Editor’s note: An earlier version of this story mis-characterized the Strontium found by researchers as radioactive. The Strontium looked at for the study was not radioactive Strontium-90; it was Strontium-87 and Strontium-86, neither of which are radioactive.
Chemicals from fracking wastewater dumped into Pennsylvania’s Allegheny River before 2011 are still accumulating in the bodies of freshwater mussels downstream, according to a new study.
Researchers at Pennsylvania State University found elevated concentrations of Strontium in the shells of freshwater mussels downstream from a former fracking wastewater disposal site in Warren, Pennsylvania, about 143 miles northeast (and upstream) of Pittsburgh.
While the potential health impacts on humans from this contamination are unclear, high levels of exposure to non-radioactive Strontium can disrupt bone growth in children.
“Mussels record the changes in water quality that they see over their lifetimes in the layers of their hard shells,” Nathaniel Warner, a professor in the Department of Civil and Environmental Engineering at Pennsylvania State University who co-authored the study, told EHN. “We can go back about 10 years and see the spikes that indicate when wastewater from Marcellus shale was being treated and discharged into the Allegheny River.”
The study, published Wednesday in the peer-reviewed journal Environmental Science & Technology, is among the first to show bioaccumulation – the buildup of chemicals in the bodies of living creatures – from oil and gas wastewater downstream of a surface water disposal facility.
“We don’t know how much of an impact this has on human health, or if it has any impact at all,” Warner said, “but this means it’s entering the food chain.” He noted that they’d like to look at the soft tissue of the mussels next, since muskrats and fish dine on freshwater mussels, but “no animals really eat the shells.”
The mussels collected downstream of the discharge facility contained significantly greater concentrations of Strontium than the mussels upstream, or the mussels collected from the Juniata and Delaware Rivers.
Between 2008 and 2011, more than 2.9 billion liters of oil and gas wastewater was discharged to waterways after being treated at municipal sewage facilities throughout the country. The practice was common in Pennsylvania until it was halted in 2011 after it was discovered that the small amounts of heavy metals and radioactive materials they released into the water supply were building up in sediment and drinking water. But the new research suggests the impact of the practice is ongoing.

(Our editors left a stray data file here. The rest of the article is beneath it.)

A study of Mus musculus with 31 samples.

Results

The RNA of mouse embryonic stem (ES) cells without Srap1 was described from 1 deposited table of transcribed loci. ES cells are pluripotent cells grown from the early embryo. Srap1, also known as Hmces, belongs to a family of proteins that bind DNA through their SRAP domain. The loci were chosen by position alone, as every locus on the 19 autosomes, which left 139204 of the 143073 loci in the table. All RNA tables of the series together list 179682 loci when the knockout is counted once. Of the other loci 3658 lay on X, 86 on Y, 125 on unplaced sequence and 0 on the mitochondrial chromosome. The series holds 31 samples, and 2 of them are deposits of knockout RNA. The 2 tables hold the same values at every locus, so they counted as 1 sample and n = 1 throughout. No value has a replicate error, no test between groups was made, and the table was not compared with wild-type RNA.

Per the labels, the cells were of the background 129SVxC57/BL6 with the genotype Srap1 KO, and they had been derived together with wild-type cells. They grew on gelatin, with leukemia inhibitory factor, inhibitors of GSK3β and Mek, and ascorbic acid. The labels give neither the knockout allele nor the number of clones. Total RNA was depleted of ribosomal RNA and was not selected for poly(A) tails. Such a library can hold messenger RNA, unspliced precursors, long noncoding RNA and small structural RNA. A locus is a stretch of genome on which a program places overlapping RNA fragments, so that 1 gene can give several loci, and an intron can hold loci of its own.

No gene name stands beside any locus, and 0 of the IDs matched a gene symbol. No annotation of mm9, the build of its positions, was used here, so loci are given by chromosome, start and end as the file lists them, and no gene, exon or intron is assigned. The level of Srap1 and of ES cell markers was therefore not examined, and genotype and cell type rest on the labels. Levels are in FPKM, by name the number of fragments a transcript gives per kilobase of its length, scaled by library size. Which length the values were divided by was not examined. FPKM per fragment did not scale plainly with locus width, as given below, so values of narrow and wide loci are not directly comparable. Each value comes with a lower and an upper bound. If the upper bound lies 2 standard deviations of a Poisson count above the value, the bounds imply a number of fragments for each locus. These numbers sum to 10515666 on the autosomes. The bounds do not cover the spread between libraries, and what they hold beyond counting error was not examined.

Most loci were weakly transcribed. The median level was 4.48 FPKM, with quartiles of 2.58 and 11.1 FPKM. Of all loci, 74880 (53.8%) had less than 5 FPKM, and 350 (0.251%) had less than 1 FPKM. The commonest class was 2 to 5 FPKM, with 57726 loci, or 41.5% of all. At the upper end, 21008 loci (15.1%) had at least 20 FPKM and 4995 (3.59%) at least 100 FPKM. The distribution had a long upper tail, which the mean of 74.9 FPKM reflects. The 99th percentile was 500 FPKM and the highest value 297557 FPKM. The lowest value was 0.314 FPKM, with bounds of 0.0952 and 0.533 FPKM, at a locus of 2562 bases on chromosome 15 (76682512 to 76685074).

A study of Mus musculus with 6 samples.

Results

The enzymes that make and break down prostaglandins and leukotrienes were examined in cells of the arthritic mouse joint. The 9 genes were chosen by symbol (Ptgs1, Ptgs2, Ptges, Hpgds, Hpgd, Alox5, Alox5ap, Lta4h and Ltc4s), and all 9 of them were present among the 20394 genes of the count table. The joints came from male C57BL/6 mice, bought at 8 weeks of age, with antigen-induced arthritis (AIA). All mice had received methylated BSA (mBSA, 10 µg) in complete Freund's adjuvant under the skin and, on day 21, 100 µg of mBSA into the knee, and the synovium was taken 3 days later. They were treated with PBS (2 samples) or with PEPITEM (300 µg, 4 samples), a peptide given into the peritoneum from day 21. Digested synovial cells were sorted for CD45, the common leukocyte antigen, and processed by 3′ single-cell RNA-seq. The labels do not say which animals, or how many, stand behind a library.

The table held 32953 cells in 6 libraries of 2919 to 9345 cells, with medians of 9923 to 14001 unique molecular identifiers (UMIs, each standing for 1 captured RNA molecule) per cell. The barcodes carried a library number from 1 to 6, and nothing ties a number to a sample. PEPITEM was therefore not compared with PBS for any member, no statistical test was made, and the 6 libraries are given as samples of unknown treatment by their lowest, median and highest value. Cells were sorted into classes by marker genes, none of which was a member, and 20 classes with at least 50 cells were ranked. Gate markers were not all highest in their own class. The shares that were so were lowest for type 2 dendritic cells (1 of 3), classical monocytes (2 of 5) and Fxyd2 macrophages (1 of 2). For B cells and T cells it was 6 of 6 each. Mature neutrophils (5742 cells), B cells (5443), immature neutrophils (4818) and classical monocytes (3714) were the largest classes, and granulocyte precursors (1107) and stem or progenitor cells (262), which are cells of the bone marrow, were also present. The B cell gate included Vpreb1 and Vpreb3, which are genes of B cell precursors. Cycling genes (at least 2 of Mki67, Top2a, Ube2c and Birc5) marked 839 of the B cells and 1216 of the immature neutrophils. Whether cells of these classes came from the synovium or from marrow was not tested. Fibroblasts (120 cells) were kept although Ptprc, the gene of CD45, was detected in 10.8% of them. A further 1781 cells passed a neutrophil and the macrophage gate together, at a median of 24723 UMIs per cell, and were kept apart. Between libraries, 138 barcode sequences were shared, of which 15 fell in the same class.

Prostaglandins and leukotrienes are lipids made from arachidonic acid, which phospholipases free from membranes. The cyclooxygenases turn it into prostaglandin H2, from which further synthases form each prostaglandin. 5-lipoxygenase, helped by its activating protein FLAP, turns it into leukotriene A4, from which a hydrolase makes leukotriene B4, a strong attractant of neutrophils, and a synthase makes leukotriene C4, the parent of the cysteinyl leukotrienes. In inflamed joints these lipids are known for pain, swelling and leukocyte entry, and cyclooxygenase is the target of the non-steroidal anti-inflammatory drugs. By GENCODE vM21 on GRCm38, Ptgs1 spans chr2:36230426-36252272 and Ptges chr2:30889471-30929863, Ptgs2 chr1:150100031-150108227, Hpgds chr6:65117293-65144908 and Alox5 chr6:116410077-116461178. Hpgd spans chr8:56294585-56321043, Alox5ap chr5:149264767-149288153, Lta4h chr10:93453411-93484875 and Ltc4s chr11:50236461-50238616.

Another recent study found elevated levels of radioactive radium in the sediment downstream of the former treatment facilities in Pennsylvania.
“I expected that we would see a big, dramatic change after 2011 when there was no more unconventional oil and gas wastewater going into that facility,” Warner said. “Instead, we saw a slow, gradual change, and the shells from the mussels downstream still haven’t gone back to looking like an upstream shell that wasn’t impacted.”
“We think the sediment acts like a reservoir for higher levels of radioactivity and metals, and that’s where the mussels live,” he added, “so this could continue to have even longer-term impacts even though that valve got turned off.”
Warner said the findings are also relevant for preserving biodiversity. “Freshwater mussels are currently undergoing a mass extinction event,” he said, “and that’s likely because of changes we’re causing in water quality.”
Previous research has shown that the population density, diversity, and mortality of mussels in the Allegheny River were all negatively affected downstream of the Warren wastewater treatment site. A 2015 study found that survival rates for mussels within half a kilometer (.31 miles) downstream of the Warren discharge site were between 20 and 50 percent in the year after the practice was stopped, compared with a survival rate between 80 and 100 percent two kilometers (1.24 miles) downstream of the site.
Warner also noted that despite having a similar, if less-concentrated chemical makeup, wastewater from conventional oil and gas facilities is still regularly treated at municipal sewage plants and discharged into rivers.
“We can see the specific signature that comes from Marcellus shale in the shells, but there’s still radioactivity and extremely high levels of salt in the wastewater that’s coming from conventional oil and gas facilities,” Warner said.
“Looking at what happens with disposal of wastewater from conventional oil and gas is just as important as fracking, at least when it comes to freshwater mussels – they don’t know the difference.”